UPPER WEST SIDE — Parents, teachers and the principals from two local schools that share a building successfully fought plans to permanently install a large mechanical structure in front of their entrance, persuading the city to place it partially underground instead, they said.
The communities at P.S. 145/The Bloomingdale School and West Prep Academy organized a campaign to prevent the placement of a large gas meter regulator in front of the school building's entrance on West 105th Street.
The regulator, which is part of a new boiler system being installed in the school, would be an eyesore in front of the building and pose health hazards due to potential gas leaks, West Prep Academy Principal Carland Washington said.
When the School Construction Authority, the arm of the Department of Education that manages building projects, announced about a month ago it would place the structure right outside the front offices of the school building, Washington said he rejected the idea outright.
The regulator would require the windows in the front offices to always be closed to prevent gas from seeping in, Washington said he was told.
"I said absolutely not. We’re not going to build this structure," the principal noted.
Nan Mead, a member of Community Education Council 3 who serves as a liaison to P.S. 145, said the school already dealt with the construction of a new boiler room connected to the regulator.
"The street the school is on is lined with these very nice flowering trees, and then there's this hideous construction site going on," she wrote in an email. "Even when that is cleared the gas meter will be an eyesore, which makes it tough for a school that is looking to attract new families."
Parents also worried that placing the regulator in front of the building would make it too accessible from the street, leaving open "the possibility of tampering and siphoning of gas," Mead added.
So, the two schools joined forces to push back against the plan, Washington explained.
A West Prep teacher had her sixth-grade class launch a letter-writing campaign, reaching out to City Councilman Mark Levine to enlist his help.
The two schools sent out an email blast last week to families, elected officials and other community leaders urging them to help fight the project, which they said would create "a potentially hazardous situation for the over 600 daily occupants of this building."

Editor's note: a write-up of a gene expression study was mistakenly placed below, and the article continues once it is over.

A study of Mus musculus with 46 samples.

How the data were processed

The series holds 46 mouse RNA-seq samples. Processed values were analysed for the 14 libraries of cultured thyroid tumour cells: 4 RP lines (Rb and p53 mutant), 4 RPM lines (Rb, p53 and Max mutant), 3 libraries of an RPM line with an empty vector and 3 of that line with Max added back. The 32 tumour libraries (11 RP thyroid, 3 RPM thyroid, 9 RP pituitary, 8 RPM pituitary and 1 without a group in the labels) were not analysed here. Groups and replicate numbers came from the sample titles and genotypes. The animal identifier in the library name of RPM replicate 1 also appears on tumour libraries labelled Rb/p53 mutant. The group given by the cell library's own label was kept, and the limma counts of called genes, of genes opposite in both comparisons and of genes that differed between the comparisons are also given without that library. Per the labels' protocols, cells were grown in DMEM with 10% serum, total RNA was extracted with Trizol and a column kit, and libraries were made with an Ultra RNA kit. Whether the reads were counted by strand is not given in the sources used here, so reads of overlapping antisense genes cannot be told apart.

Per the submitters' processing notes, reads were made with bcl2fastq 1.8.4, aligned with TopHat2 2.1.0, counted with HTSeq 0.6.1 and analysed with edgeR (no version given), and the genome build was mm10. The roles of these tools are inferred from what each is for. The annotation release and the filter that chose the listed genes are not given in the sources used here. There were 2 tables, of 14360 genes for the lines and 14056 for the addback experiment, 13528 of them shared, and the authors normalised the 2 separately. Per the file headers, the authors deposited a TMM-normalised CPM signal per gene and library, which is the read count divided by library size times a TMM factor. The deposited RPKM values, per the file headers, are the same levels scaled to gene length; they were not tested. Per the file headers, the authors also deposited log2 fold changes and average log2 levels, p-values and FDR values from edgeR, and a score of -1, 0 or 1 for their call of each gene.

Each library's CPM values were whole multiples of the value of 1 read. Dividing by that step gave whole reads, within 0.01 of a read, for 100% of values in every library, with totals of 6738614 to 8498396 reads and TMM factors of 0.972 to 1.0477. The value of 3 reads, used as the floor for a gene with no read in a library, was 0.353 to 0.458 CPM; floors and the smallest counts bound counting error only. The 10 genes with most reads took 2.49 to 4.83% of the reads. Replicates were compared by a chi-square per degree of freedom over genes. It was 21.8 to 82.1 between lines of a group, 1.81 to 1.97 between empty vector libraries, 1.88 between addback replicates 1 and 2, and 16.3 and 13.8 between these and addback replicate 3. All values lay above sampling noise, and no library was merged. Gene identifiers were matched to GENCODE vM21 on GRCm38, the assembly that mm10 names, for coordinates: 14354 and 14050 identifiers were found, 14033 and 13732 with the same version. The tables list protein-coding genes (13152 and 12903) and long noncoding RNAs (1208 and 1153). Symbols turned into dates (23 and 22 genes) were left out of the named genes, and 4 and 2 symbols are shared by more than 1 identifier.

Levine responded by brokering a meeting between school leaders, the School Construction Authority and Con Edison, the company that would be doing the work, a spokesman from his office said.
As of this week, a solution was reached to obscure the regulator by placing part of it underground, Con Edison spokesman Alfonso Quiroz said.
"The only requirement is that it be outside and that it is vented. The rest is really up to [the schools]," he said.
The schools can decide to put as much of the regulator — which at most would stand 4-and-a-half feet tall — underground as they wish, as long as there's room for ventilation, Quiroz continued. Because of the ventilation requirement, it can't be buried completely, he said.
A DOE spokeswoman confirmed the regulator would be placed out of sight in a pit below street grade.
Also, there's no requirement that the offices closest to the regulator keep their windows shut, Quiroz and the DOE spokeswoman added.
"We see it as a major victory!" P.S. 145 PA President Yassiel Nieves said in an email of the compromise.
Nieves said the parties involved agreed this week that the regulator could go in front of the building, with no more than 2 feet reaching above ground.
The Department of Education's goal is to make the regulator as unobtrusive as possible, a DOE spokeswoman said.
“I am pleased after we were able to bring all the parties together, Con Ed and SCA worked out a solution that will avoid obstructing any windows and will allow for the speedy removal of the massive and ugly temporary gas structure that currently blocks much of the school’s façade,” Levine said.
The temporary boiler — from which parents reported smelling gas— will be taken down sometime this summer, his office said. That timing has not been finalized yet, the DOE spokeswoman added.
The principal of P.S. 145 did not respond to requests for comment.